Back in September I mused about wearing or staring at a watch. I used my personal, 16-year-old daily wear Rolex Yachtmaster (the “Watch of the Open Seas”) as fodder. The watch had quit working, and after sitting on it for a few months, I finally sent it in for Rolex service. Here’s what happened . . .
I also posted about my Yachmaster on a forum in the Rolex section. I was a bit surprised at some of the responses. I was excoriated for being “abusive” to the watch. I’m embarrassed to admit that my lifestyle is not nearly as “rough” as they claimed it must be, given the condition of the watch. The fanbois insistence on my errant Rolex-owning ways was as if I’d abused one of their own. Was it an enthusiasts’ forum? Or confessional?
I live the rather mundane life of a healthcare professional. I remove the watch for most of the day while seeing patients. It’s seen a lot of desk action, as I’m quite active on social media. I never subjected the Yachmaster to wrenching on cars, gardening, woodworking or beach volleyball. Admittedly, the photos made it look like my Rollie had seen action in the Iraqi “sandbox” during a perpetual windstorm.
Restore or repair?
When I decided to take the Rolex in for service, I briefly considered declining the polish to keep the battle scars (assuming that was an option) . I chickened out. I decided to let the authorized dealer have their way with my viciously blemished timepiece. I returned the Rolex back to the dealer where my wife bought it, expecting a bill north of $750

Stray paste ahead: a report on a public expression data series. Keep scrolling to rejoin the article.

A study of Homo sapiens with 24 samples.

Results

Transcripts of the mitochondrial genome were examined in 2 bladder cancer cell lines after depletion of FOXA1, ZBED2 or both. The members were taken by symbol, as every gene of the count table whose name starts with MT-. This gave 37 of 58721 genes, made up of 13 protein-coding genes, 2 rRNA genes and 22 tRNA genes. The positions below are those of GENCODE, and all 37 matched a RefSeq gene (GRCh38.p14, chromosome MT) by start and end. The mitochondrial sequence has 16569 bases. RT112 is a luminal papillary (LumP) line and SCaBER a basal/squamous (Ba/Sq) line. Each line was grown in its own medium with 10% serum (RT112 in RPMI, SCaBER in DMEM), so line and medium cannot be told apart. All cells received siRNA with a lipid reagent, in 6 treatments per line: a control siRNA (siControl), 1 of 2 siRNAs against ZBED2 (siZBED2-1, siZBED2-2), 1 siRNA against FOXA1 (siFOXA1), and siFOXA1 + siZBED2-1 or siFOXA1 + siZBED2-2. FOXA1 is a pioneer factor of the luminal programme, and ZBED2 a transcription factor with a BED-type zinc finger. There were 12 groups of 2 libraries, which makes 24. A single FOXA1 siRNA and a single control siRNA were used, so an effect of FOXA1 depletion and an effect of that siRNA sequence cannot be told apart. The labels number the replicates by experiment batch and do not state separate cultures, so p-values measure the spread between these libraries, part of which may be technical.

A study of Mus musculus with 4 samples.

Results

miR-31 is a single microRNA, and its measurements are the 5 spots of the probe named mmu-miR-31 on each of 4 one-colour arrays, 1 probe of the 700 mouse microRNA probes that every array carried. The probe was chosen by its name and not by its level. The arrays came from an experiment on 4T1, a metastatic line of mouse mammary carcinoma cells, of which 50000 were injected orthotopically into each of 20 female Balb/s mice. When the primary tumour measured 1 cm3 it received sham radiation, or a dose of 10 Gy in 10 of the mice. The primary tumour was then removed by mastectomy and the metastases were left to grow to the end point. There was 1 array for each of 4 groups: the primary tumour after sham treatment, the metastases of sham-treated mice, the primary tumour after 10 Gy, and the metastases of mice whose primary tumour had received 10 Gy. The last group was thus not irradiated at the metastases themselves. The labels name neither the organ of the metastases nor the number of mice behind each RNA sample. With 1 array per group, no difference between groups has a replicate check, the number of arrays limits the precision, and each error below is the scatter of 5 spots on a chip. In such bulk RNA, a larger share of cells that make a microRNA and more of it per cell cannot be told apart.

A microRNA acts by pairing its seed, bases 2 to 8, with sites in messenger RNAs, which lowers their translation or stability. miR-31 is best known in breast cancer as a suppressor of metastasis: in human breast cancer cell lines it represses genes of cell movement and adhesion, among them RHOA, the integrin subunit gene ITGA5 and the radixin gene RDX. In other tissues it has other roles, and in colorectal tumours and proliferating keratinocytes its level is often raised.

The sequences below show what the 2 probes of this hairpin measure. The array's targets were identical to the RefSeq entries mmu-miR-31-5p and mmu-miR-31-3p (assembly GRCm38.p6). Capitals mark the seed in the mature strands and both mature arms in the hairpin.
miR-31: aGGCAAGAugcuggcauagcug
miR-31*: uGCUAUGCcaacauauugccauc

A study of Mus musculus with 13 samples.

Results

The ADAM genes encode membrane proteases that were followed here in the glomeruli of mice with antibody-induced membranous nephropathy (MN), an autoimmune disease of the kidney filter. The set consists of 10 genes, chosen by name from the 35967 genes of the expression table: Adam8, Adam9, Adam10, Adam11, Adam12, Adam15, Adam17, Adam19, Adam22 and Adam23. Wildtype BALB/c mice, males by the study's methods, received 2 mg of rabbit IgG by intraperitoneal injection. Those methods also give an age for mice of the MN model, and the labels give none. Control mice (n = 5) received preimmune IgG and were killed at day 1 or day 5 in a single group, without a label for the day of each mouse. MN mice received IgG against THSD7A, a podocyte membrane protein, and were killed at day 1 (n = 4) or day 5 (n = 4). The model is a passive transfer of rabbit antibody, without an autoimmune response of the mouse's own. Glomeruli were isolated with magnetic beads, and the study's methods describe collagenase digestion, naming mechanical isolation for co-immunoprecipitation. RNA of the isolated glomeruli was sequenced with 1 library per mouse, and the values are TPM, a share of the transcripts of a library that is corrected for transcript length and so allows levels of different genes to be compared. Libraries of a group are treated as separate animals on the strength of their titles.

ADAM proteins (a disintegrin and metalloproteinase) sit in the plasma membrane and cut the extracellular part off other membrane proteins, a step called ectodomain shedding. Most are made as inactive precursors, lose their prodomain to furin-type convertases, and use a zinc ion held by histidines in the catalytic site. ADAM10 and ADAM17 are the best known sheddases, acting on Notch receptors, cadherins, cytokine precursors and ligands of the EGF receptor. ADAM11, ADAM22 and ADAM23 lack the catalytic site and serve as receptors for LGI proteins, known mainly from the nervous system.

I sheepishly turned my watch over to the pretty young lady at Hamilton’s Jewelers. “Wow,” she said. Suffice it to say, she wasn’t reacting to my rugged good looks or my charming repartee (not for lack of trying).
Dial 1(350) for platinum
Several days later, I got an emailed service estimate (below). You’ll notice the dealer added the option of replacing the platinum dial for $1350. They’d discovered two small scratches.
Several years ago, I dropped the watch face-down on a tile floor, shattering the crystal, causing the scratches. That crystal was replaced by… gasp… an unauthorized watch dealer.
I declined the $1350 replacement dial. Those small scars can be our little secret. But I did request replacing the hands and the crystal (since it wasn’t a genuine crystal). The service was done by an in-house Rolex-certified watchmaker, so the Yachtmaster didn’t have to return to its Swiss homeland.
My turn to say “wow”
I was anxious and curious about how the watch would look when I got it back. The final tab was $1,047. I wasn’t surprised by the bill, but very pleasantly surprised at the final result. Here it is fresh from the service.
Some of the commenters in my previous article asked to see the before/afters. Here’s the side-by-side comparo.
It was definitely worth the scratch to remove the scratches and receive an almost-like-new Yachtmaster. That said, I can’t promise my “rough and tumble” lifestyle won’t once again leave the Rolex bruised and battered. Circle of life and all that.